Acoustic sensors that monitor the wellbeing of chicks are among a new suite of biosensors introduced by Greengage, the Scotland-based agri-tech business.
The acoustic sensor – known as ALIS Chirpy Sensor – has been developed in conjunction with research at Newcastle University and the University of Roehampton in London, which has benefited from one of the Government’s Innovate UK projects.
As well as targeting the sounds made by chicks during the brooding period, the suite also provides sensors that monitor flock mobility and environmental conditions. One of their major benefits is ease of installation, clipping on to existing cabling for Greengage lighting systems.
“Over the past three years research at the two universities has identified the sounds made by chicks when they are suffering different types of stress,” said Matt Kealey, Director of Sales and Marketing for Greengage Lighting and Agri-tech. “Using acoustic sensors will help to identify the problem as it occurs and prioritise the remedial action.
“One of the research findings is that the stress can be contagious, influencing the behaviour of neighbouring birds.”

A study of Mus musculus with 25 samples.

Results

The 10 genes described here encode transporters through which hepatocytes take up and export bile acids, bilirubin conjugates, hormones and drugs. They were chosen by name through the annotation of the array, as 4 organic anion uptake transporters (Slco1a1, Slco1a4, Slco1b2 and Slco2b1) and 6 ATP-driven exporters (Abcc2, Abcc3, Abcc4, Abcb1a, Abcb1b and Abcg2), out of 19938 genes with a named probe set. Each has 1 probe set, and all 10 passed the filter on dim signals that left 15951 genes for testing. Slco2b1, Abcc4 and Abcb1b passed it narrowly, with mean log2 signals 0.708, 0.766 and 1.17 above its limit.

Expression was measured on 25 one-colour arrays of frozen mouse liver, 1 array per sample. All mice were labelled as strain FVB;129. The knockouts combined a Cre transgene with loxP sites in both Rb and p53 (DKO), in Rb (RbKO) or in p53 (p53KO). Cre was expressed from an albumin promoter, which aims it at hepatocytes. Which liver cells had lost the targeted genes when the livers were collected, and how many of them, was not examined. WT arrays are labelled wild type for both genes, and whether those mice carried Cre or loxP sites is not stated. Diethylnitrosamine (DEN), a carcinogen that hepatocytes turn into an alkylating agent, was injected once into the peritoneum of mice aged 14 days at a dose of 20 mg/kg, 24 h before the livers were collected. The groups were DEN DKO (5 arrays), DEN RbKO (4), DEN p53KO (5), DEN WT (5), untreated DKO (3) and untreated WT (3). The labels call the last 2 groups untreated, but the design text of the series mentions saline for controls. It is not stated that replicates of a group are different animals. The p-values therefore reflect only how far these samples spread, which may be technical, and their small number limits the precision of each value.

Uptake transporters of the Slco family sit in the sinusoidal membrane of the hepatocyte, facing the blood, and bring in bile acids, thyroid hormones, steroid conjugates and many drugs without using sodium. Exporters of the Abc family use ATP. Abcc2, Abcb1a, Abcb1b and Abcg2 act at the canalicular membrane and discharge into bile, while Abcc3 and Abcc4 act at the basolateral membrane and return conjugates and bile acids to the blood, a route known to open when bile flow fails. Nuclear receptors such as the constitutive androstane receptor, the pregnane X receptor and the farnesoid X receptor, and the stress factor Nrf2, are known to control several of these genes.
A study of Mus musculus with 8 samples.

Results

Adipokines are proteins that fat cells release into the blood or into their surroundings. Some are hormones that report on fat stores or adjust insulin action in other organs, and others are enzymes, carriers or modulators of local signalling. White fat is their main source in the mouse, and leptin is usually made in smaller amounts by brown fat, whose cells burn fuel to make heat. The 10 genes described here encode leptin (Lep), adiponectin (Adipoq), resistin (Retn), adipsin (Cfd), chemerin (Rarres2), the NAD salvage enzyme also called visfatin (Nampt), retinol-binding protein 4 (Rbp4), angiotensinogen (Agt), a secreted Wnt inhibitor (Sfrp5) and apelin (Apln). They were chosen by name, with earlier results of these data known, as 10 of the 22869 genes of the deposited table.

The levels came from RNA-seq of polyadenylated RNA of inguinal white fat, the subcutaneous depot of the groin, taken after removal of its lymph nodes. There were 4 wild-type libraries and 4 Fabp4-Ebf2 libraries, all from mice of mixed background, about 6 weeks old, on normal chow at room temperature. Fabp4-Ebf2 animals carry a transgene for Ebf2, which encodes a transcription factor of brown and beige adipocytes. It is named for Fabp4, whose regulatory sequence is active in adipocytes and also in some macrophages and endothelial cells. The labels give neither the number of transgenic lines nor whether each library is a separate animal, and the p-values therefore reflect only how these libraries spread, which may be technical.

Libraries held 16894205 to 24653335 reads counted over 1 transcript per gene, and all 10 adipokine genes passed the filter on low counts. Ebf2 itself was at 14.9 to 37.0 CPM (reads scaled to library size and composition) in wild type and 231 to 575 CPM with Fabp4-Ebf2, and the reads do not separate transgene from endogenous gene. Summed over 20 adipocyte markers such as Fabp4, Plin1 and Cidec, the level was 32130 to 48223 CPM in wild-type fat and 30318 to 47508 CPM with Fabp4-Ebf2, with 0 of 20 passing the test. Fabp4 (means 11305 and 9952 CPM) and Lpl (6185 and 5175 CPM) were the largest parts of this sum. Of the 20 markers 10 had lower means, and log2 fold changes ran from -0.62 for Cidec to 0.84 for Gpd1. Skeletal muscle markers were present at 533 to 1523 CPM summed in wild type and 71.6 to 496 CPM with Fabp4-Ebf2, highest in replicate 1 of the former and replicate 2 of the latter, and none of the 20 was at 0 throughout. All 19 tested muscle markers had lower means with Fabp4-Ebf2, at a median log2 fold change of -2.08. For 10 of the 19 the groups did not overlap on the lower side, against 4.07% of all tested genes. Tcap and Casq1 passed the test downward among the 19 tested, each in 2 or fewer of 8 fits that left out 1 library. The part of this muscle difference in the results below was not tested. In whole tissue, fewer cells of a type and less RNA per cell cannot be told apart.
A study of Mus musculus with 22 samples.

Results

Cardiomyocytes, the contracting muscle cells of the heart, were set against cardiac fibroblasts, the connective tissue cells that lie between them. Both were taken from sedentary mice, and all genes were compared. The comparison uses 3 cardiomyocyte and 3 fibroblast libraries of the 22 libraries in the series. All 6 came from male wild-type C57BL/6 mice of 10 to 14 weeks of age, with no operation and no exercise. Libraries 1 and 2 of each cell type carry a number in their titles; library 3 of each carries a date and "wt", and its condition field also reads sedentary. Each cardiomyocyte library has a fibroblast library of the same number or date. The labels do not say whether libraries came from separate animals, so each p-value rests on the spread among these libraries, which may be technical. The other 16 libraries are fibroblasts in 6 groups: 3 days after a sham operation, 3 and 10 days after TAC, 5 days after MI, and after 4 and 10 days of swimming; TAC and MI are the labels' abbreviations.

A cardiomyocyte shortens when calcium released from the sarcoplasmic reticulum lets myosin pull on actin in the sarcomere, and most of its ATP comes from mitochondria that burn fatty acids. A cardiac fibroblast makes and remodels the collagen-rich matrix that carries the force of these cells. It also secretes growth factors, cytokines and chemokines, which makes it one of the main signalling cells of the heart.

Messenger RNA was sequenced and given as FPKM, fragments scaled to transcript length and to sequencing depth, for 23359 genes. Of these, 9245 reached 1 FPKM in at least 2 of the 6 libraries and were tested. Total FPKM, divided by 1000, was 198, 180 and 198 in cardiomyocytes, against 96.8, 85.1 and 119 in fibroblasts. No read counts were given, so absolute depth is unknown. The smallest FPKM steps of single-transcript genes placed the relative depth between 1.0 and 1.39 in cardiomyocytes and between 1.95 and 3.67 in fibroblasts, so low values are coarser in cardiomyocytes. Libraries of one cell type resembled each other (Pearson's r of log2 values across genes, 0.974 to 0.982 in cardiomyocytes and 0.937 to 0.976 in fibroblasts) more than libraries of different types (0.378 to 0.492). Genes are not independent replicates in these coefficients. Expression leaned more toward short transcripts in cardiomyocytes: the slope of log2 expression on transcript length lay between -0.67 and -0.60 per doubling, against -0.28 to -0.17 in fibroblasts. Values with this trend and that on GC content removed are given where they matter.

All the biosensors are designed to monitor the critical parameters for welfare and productivity and provide a valuable diagnostic tool in early detection of health issues. The suite includes:
· ALIS Chirpy Sensor detects the emotional state of the flock.
· ALIS Cluster Sensor views flock mobility under any lighting level.
· ALIS Greenhouse Sensor monitors levels of ammonia, carbon dioxide and humidity and alerts any abnormality.
· ALIS Ambient Sensor measures light and temperature.
All the sensors clip on the same ALIS (Agricultural Lighting Induction System) induction power cable used for lighting in livestock housing.
This power technology is at the heart of the ALIS platform chosen by Greengage because of its numerous benefits. The LED lamps are not hardwired – they simply clip on and off, so they are easy to install, maintain and reposition.
Biosecurity is enhanced since external contractors are not essential to maintain the lamps, which are safer than incandescent and fluorescent lights and have a much lower energy consumption.